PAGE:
Emerging as a key aspect of the fast-developing Internet of Things (IoT), equipping connected cars with mobile broadband capabilities presents new challenges for network operators, according to a new research report produced by Machina and commissioned by Teoco, a provider of planning, assurance, analytics and optimization solutions to communications providers.

“Rush hour will have grave implications for mobile networks, with certain cells set to experience a 97 percent increase in data traffic over the next ten years. Connected cars will be the key driver of this sharp increase in network usage,” Teoco highlights in a news release.

Connected Car M2M Traffic
Mobile network operators are gearing up in anticipation of big increases in machine-to-machine (M2M) data traffic. In the whitepaper, entitled “M2M growth necessitates a new approach to network planning and optimization,” Machina says it expects mobile network M2M connections to rise from 250 million in 2014 to more than 2.3 billion worldwide by 2024.


“Connected cars, as with other M2M devices, don’t behave like smartphones,” Machina Research founder and CEO Matt Hatton was quoted as saying. “They represent a very diverse set of challenges to operators through highly varying network traffic patterns at different times of the day.

“In terms of overall data volumes, connected cars don’t present much of a problem. But network resource management is not based on total traffic volume, it’s based on particular cell sites during peak times of network use,” Hatton continued. “If connected cars regularly cause network traffic spikes in a particular location that can’t be met, there are implications for operators in meeting SLAs and delivering a positive quality of experience.”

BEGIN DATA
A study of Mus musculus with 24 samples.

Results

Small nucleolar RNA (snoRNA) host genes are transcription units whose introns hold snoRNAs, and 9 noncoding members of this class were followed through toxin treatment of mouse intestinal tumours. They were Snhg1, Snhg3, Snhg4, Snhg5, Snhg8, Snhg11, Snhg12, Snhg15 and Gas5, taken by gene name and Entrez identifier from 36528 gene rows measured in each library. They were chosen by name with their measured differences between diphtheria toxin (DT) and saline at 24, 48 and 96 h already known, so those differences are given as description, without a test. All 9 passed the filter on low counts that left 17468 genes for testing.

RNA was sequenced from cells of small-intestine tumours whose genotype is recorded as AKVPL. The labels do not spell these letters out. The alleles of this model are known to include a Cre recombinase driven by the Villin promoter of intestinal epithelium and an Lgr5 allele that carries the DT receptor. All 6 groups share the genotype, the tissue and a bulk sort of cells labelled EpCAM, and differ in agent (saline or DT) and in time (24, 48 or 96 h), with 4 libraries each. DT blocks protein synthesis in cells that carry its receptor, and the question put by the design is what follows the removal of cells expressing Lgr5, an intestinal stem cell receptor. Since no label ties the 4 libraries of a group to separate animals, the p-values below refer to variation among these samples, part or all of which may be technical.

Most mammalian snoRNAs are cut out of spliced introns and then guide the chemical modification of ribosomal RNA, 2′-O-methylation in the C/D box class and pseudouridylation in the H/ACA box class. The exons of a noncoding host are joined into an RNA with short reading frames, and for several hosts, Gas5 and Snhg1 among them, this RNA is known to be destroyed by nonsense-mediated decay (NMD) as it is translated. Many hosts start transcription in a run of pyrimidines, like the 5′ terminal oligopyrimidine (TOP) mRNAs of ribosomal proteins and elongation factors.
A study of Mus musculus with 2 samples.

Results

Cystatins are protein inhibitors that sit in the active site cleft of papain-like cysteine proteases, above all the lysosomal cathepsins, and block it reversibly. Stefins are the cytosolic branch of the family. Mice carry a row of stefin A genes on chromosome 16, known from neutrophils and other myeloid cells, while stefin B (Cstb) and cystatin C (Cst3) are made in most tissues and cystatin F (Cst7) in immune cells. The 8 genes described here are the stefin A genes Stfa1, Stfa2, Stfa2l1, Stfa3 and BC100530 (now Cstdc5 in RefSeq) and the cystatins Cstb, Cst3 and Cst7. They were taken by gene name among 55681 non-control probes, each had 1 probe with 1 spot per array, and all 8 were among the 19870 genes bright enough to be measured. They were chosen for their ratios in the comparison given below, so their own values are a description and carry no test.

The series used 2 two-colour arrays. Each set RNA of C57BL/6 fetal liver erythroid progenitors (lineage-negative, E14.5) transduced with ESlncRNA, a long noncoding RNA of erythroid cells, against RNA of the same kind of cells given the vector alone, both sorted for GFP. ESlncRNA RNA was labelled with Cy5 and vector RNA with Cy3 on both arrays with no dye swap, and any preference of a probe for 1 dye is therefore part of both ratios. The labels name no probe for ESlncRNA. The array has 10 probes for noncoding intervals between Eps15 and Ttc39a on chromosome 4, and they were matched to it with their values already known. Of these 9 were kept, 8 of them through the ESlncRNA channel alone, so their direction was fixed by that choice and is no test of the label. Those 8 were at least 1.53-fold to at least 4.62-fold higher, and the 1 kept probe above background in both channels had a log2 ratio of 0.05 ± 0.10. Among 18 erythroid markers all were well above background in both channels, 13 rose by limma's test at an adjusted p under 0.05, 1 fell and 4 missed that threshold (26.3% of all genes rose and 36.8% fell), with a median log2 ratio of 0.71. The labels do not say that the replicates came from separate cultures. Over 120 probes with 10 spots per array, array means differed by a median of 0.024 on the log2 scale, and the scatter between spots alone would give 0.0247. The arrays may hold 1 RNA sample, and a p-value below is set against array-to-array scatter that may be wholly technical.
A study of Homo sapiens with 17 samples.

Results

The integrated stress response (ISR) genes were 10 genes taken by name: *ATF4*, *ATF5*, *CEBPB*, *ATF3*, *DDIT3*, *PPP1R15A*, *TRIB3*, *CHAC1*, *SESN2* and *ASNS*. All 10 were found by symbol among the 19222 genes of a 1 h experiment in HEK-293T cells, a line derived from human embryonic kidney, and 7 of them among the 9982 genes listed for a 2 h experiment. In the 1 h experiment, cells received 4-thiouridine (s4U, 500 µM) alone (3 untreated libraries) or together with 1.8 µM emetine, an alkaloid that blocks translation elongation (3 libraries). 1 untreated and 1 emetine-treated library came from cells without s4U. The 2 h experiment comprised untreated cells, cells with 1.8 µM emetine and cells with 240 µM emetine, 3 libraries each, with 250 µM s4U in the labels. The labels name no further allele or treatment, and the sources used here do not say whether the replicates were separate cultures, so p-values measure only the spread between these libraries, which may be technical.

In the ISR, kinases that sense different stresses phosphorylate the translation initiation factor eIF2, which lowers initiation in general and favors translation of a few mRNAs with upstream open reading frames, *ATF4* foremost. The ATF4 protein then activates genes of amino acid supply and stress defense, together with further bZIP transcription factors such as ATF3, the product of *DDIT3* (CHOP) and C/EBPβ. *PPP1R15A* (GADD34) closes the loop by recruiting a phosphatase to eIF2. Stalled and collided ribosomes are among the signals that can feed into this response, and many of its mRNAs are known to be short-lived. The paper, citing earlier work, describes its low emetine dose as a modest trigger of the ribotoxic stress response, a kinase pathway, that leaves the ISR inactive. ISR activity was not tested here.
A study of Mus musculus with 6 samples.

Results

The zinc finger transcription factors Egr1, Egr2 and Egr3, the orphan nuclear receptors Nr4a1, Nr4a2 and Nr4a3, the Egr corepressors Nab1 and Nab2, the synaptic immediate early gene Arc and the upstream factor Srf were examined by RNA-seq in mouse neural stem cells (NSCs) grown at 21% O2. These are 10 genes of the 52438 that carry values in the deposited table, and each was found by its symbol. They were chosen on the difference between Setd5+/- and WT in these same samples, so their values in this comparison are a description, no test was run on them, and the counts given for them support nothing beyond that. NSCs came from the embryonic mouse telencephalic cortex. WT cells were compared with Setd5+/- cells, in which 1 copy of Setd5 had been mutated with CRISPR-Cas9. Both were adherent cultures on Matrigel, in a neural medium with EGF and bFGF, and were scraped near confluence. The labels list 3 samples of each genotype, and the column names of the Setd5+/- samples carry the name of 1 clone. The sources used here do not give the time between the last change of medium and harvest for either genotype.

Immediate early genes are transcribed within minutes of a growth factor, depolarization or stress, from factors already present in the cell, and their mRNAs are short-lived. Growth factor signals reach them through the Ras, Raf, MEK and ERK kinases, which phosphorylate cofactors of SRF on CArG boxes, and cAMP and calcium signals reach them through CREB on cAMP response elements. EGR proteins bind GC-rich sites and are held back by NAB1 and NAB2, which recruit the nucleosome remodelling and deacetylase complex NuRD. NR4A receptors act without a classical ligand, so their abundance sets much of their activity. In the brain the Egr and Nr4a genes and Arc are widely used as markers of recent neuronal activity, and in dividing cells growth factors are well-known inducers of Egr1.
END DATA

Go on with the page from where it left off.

The report outlines a number of areas that operators must prioritize to cope with the uptake in M2M connections. These include:

  • Dynamic network management and RAN optimization: this applies to both to RAN and backhaul planning and necessitates a multi-faceted approach to network management that can cope with varying demands from different devices for network capacity and QoS;
  • Support for greater diversity in access networks: operators will need to cope with, and manage the inter-relationship between all access networks (including Wi-Fi, LPWA networks) at their disposal. This includes the management of both licensed and unlicensed spectrum;
  • More sophisticated planning tools: based on existing trajectories, M2M is likely to make up two thirds of all connections within the next ten years. Operators will need planning tools that can cope with this diversity;
  • An increased focus on device management: the number and diversity of devices connecting to a network will increase exponentially. Each of these devices has the potential to introduce interference into the network and degrade quality of service for all other users. A robust certification process and service assurance capabilities are therefore needed;
  • A more considered approach to spectrum re-farming: M2M devices are more sensitive to spectrum re-farming. They will have lifespans measured in decades and be installed in hard to reach places making them difficult to swap out. This will have a big impact on how operators choose to re-farm their spectrum.